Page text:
In order to stay competitive with Oracle and IBM in the development tools arena, Microsoft has plans to invest and continue investing in several key areas for the future of development.  Microsoft plans to stay on top of the many choices developers will have in the future for streamlining production and accelerating deployment.  Dr. S. Somasegar, a senior VP of the Microsoft Developer Division, recently blogged about the key programming styles and technologies that Microsoft will be focusing on in the days ahead.

The Web Platform

Somasegar realizes that the web is increasingly becoming an open platform for the development of widely deployable applications.  The browser is more than just a web rendering program.  It has become a rich application runtime environment that allows you to easily access millions of programs.  Somasegar mentions Silverlight as a way for developers to build immersive applications and "break free" from HTML:  "JavaScript libraries allow web developers to get more done with JavaScript than ever before while reaching a wide audience, and immersive internet applications, such as those written for Silverlight, allow developers to break free of the limitations of HTML and take advantage of a range of resources and features while guaranteeing compatibility across platforms."  Supporters of HTML5 would probably have a few disagreements with those statements.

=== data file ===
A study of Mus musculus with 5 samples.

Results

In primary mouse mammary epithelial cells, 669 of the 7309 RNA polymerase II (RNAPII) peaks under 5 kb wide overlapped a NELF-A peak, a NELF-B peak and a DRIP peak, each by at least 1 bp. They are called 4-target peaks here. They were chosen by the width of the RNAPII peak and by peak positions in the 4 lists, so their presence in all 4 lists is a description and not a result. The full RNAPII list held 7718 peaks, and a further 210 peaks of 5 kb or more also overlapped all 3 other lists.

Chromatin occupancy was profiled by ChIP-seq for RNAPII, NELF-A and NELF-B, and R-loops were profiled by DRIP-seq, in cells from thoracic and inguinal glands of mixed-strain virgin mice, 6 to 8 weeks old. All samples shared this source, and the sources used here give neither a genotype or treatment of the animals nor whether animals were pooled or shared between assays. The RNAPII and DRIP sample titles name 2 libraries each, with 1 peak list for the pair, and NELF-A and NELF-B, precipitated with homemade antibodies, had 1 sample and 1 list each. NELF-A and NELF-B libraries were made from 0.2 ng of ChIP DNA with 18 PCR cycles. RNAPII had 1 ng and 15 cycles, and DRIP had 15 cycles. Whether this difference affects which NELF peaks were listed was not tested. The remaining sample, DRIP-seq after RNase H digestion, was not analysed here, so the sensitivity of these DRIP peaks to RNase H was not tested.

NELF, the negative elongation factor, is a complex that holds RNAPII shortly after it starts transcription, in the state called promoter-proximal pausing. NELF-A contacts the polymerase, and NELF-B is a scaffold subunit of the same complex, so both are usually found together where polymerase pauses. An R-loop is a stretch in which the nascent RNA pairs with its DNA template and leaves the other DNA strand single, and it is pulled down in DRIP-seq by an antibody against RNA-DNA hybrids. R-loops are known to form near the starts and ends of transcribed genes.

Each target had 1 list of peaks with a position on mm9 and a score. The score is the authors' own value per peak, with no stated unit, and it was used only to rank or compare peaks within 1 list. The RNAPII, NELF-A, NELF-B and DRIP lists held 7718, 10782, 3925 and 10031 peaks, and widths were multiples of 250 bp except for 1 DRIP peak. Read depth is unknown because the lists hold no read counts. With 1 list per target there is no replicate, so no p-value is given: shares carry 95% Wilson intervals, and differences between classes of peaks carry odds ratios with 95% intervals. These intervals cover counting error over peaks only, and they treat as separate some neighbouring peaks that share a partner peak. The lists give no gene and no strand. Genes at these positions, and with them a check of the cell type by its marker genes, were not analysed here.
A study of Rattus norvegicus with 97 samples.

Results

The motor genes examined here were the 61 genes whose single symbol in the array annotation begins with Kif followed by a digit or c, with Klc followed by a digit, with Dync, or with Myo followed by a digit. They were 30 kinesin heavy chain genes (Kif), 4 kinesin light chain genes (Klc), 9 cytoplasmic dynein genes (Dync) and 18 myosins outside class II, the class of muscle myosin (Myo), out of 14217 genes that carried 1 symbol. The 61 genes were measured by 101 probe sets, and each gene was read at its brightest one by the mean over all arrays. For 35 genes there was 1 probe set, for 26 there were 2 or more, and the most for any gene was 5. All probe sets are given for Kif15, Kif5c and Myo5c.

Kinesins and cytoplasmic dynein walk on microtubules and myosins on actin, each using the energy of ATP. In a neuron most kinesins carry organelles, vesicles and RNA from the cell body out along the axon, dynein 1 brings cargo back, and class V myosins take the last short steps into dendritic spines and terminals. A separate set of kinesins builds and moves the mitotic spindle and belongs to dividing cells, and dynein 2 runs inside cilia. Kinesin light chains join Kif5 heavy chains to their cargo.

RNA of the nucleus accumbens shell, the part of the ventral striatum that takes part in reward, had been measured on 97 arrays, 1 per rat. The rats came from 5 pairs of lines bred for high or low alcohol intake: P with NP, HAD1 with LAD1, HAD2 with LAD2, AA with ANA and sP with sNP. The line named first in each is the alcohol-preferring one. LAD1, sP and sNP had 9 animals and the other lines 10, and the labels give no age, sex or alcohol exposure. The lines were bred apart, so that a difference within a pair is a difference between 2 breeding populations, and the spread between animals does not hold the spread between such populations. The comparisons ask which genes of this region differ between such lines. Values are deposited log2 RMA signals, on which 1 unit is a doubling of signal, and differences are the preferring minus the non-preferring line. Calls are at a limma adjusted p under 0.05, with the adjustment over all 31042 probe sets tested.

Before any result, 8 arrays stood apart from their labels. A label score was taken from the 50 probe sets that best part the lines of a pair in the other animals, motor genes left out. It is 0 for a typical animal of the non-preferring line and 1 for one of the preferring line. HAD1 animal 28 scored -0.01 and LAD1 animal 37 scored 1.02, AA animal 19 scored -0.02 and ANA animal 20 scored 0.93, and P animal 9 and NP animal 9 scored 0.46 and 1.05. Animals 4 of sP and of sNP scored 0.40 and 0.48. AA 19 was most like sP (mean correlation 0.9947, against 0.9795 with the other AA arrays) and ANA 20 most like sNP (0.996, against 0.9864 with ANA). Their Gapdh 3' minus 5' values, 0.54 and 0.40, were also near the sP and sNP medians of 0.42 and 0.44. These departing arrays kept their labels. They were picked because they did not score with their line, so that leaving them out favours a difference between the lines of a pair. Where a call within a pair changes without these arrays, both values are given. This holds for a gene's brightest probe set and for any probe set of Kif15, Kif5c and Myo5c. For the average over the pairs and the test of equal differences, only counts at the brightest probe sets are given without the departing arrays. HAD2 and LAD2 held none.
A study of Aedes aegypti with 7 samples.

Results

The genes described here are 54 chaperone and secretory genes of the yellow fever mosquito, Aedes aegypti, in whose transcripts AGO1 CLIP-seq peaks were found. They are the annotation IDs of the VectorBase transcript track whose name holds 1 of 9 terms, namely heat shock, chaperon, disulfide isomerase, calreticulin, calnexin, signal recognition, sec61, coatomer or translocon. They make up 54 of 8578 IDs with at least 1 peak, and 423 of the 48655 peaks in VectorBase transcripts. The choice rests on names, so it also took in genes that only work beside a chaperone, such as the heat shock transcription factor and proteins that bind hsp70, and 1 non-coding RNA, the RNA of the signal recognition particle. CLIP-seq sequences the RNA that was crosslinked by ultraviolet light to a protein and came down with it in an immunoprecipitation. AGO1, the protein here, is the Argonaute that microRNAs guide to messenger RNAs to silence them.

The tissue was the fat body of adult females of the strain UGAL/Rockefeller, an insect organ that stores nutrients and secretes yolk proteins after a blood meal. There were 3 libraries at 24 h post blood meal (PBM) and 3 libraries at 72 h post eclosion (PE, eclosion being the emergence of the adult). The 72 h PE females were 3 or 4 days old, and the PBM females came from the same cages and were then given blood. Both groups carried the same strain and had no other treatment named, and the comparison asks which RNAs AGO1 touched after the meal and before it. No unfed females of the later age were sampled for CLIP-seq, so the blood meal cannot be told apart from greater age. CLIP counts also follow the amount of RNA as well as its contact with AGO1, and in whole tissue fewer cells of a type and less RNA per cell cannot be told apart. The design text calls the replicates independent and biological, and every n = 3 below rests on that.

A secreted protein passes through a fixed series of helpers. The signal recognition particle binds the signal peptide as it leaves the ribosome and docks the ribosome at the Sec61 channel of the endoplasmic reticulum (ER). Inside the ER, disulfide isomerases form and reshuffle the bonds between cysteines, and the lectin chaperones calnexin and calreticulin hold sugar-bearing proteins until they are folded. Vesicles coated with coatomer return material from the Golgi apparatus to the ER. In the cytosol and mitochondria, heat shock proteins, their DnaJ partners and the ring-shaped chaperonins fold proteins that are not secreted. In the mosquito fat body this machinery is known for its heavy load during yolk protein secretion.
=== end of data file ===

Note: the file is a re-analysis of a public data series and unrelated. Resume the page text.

Cloud Computing
Cloud Computing was another topic Somasegar covered.  He says the cloud is a great equalizer for small companies that want to compete against larger organizations without a lot of hardware management overhead.  Services such as Windows Live Office and Xbox Live are already running on the Azure cloud.  Somasegar says that Microsoft is focused on making tools that will allow developers to build software that deploys and performs well in virtualized environments like the cloud.  Microsoft is also focused on building and enhancing cloud tools for distributed development teams (e.g. distributed code reviews, remote paired programming, developer/tester collaboration, and resource sharing).

Parallel Computing
Somasegar says that the rate of CPU enhancement has fulfilled Moore's Law: "the prediction that CPU performance would double every eighteen months, is now fulfilled by adding more processor cores rather than by increased performance of a single core, bringing the power of multi-core processing to low-end machines."  Despite the wide adoption of multi-core processors, Somasegar says that only, "a small handful of programmers have the skills to write code that performs well in multi-core and many-core environments.  In the future, parallel libraries, debugging, profiling, and diagnostic tools will enable more developers to take advantage of parallel computing resources." One comment mentioned that Somasegar's interpretation of Moore's Law is incorrect.  Microsoft's Concurrency Runtime is one effort that the company is currently working on related to parallel programming.

Device Proliferation
With the massive consumer market for mobile devices, Somasegar says that Microsoft will put a great deal of effort into evolving user interface software to harness speech, camera, and touch-pad technologies.  He mentions that Windows 7, Silverlight, WPF, and MFC have all embraced these paradigms and says that Microsoft will continue to innovate in this domain: "I expect user interface paradigms to continue to evolve and become more intuitive and powerful."

Agile
Somasegar indicates that Microsoft is making plans to become a bigger player in the Agile space.  Visual Studio 2010, which arrives in April, will support agile processes such as iteration planning and unit testing.  Microsoft also plans to expand its support for different agile methodologies.